Electrically conductive polymers convert heat to electricity
Organic semiconductors are electrically conducting carbon-based materials with structures similar to dyes and plastics. They can be dissolved in solvents, and so they can be printed at room temperature like inks using jet-printing or roll-to-roll coating (like newspapers) onto a flexible substrate.1 As a result, they are attractive as a basis for low-cost displays, sensors, and solar cells. Organic light-emitting diodes are already commercial products in displays for mobile phones, and much effort has been directed at expanding their use.
Very recently, organic semiconductors have been considered as thermoelectric materials,2 which convert heat to electrical energy (and the reverse) with no moving parts. Thermoelectric modules can be used for waste heat scavenging as well as local cooling applications, such as temperature control of optical switches. The power-conversion efficiency of a thermoelectric material is related to the figure of merit ZT =(α2σ)T/κ, where α is the thermopower, σ is electrical conductivity, κ is thermal conductivity, and T is temperature. ZT of more than 0.5 is considered useful for applications, and a ZT as high as 0.4 has recently been demonstrated in a common organic semiconductor named PEDOT.3
A critical issue in the development of organic thermoelectrics is a means to control the number of charge carriers.4 The three parameters α, σ, and κ are interrelated as a function of carrier concentration such that the electrical and thermal conductivities increase with the number of carriers while the thermopower decreases, so that maximum ZT results from intermediate carrier concentration. Therefore, we need organic semiconductors that can be stably doped by other chemical species to obtain a suitable charge carrier concentration to maximize ZT.
Semiconducting organic polymers are poorly ordered in comparison with inorganic crystals, but recent advances in controlling this ordering have led to highly efficient charge transport. Tuning electronic properties via doping often requires large molecular species to be introduced instead of single atoms as is the case with conventional inorganic semiconductors (see Figure 1). Adding dopants can disrupt the molecular ordering, increasing disorder and degrading charge transport.
We studied the thermoelectric properties of polymers already known to perform well in thin-film transistors, both to assess the viability of these high-performing materials for thermoelectric applications, and to understand the underlying mechanisms of charge transport. To explore the effects of doping and microstructure on organic semiconductors, we studied the thermoelectric properties of a series of structurally similar polymers doped with two different mechanisms that affect microstructure in different ways. These complex thiophene-based polymers, generally known as P3HT, PBTTT, and P2TDC17-FT4 for simplicity, have similar high field-effect carrier mobilities5 The first doping mechanism involves introducing a molecule, tetrafluoro-tetracyanoquinodimethane (F4TCNQ), in solution with the polymer in various molar ratios to the repeat units of polymer. We found that F4TCNQ can be incorporated into ordered regions of these polymers with a different molecular packing structure from undoped polymers, leading to high electrical conductivity. We used a combination of spectroscopy and x-ray scattering to elucidate this structure and complement the electrical measurements. In contrast, the second doping mechanism involves vapor deposition of a different small molecule, a perfluoroalkyl trichlorosilane (FTS), onto the surface of the pristine polymer thin film, which does not disrupt the polymer in the way that the F4TCNQ does.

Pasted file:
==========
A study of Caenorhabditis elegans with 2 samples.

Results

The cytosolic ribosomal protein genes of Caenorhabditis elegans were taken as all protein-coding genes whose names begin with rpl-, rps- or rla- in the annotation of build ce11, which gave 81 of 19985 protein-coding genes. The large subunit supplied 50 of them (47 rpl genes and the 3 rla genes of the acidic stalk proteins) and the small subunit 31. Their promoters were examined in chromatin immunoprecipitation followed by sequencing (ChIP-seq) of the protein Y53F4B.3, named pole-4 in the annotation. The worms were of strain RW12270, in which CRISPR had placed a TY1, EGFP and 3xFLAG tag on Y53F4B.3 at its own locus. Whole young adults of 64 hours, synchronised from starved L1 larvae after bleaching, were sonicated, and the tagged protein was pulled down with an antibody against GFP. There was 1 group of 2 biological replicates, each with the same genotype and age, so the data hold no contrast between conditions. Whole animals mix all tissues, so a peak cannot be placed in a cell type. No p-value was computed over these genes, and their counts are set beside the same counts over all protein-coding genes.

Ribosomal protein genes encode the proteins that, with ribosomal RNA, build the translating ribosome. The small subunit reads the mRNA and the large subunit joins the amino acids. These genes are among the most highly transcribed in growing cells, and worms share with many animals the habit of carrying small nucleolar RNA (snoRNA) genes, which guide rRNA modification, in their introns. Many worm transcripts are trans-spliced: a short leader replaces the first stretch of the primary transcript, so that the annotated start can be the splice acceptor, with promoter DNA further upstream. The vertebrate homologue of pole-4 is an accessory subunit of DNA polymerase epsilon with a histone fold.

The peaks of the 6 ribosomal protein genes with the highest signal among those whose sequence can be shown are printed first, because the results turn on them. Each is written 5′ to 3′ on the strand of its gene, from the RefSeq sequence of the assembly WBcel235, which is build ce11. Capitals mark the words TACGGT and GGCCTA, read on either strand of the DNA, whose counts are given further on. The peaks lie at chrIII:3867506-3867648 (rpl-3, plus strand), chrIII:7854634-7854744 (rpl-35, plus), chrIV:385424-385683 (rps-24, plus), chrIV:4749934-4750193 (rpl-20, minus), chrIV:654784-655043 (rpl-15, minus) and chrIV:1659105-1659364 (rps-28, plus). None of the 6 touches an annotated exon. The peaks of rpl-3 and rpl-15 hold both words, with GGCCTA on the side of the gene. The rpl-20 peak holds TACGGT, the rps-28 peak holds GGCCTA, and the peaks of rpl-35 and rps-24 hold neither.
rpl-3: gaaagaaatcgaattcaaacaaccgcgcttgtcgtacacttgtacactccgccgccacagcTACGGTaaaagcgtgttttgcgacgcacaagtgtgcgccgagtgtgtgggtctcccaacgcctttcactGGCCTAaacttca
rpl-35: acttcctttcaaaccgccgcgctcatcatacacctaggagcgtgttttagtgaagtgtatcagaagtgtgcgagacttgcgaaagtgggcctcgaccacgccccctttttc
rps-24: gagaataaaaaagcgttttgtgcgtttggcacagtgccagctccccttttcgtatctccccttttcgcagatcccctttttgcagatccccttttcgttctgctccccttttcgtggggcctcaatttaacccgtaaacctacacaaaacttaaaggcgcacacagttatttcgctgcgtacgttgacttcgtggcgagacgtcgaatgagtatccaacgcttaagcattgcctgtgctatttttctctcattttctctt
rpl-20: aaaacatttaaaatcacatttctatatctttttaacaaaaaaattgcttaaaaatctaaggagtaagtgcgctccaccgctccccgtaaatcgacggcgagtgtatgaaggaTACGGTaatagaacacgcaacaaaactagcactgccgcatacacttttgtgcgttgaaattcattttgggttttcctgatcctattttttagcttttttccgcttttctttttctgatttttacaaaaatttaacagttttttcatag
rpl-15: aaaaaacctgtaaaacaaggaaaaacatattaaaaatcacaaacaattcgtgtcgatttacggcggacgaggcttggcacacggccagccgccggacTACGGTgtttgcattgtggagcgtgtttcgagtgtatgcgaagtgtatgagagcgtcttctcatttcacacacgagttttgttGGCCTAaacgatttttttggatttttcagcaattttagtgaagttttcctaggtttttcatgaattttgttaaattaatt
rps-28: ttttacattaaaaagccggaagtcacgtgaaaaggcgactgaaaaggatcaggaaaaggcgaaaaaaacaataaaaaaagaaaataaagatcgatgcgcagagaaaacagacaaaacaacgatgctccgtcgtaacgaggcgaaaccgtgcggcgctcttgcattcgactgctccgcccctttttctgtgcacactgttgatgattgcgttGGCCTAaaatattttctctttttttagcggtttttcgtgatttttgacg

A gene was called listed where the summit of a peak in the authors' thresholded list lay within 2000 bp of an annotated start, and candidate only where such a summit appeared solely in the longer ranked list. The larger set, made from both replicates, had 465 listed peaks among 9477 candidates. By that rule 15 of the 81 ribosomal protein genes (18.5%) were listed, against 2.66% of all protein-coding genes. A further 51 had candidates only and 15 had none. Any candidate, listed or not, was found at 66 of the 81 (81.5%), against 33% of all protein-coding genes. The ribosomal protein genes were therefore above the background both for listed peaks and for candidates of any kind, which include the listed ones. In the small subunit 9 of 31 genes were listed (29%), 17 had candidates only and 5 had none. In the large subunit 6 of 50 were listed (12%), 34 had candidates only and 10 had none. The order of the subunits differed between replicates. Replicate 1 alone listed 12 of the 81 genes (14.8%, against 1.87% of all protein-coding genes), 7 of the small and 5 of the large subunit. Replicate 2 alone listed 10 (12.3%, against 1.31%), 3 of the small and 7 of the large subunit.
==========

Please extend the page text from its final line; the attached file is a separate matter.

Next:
A key issue for developing organic thermoelectrics is understanding how thermopower changes with the electrical conductivity, which maximizes the numerator of ZT. Our studies of these doped semiconducting polymers revealed that as the doping increased, electrical conductivity increased. However, the thermopower decreased, as expected for conventional semiconductors. A clear trend in the form of a power law emerged when comparing electrical conductivity to thermopower across both doping mechanisms. It is striking that this trend exists over nearly nine orders of magnitude of conductivity for two fundamentally different doping mechanisms (see Figure 2). Additionally, when we compiled existing thermoelectric data for these and other polymers, we noticed that the data also follows this trend.6
In summary, we proposed and demonstrated a method to determine whether new thermoelectric materials exceed the performance of existing materials. Our future work will focus on understanding the relationship of processing methods to thermopower and the impact on the thermal conductivity. If successful, this work could lead to novel thermoelectric modules for wearable waste heat scavengers and low-cost thermal control modules for electronics and optics.
University of California Santa Barbara (UCSB)
Anne M. Glaudell is a doctoral student in the Materials Department. She received a B.S. in physics from University of Illinois Urbana Champaign. Her graduate research is focused on transport in thin-film materials for thermoelectrics.
Michael L. Chabinyc is a professor in the Materials Department. Prior to joining UCSB, he was a senior member of research staff at (Xerox) Palo Alto Research Center. His current research interests include flexible electronics, organic semiconductors, photovoltaics, and thermoelectrics.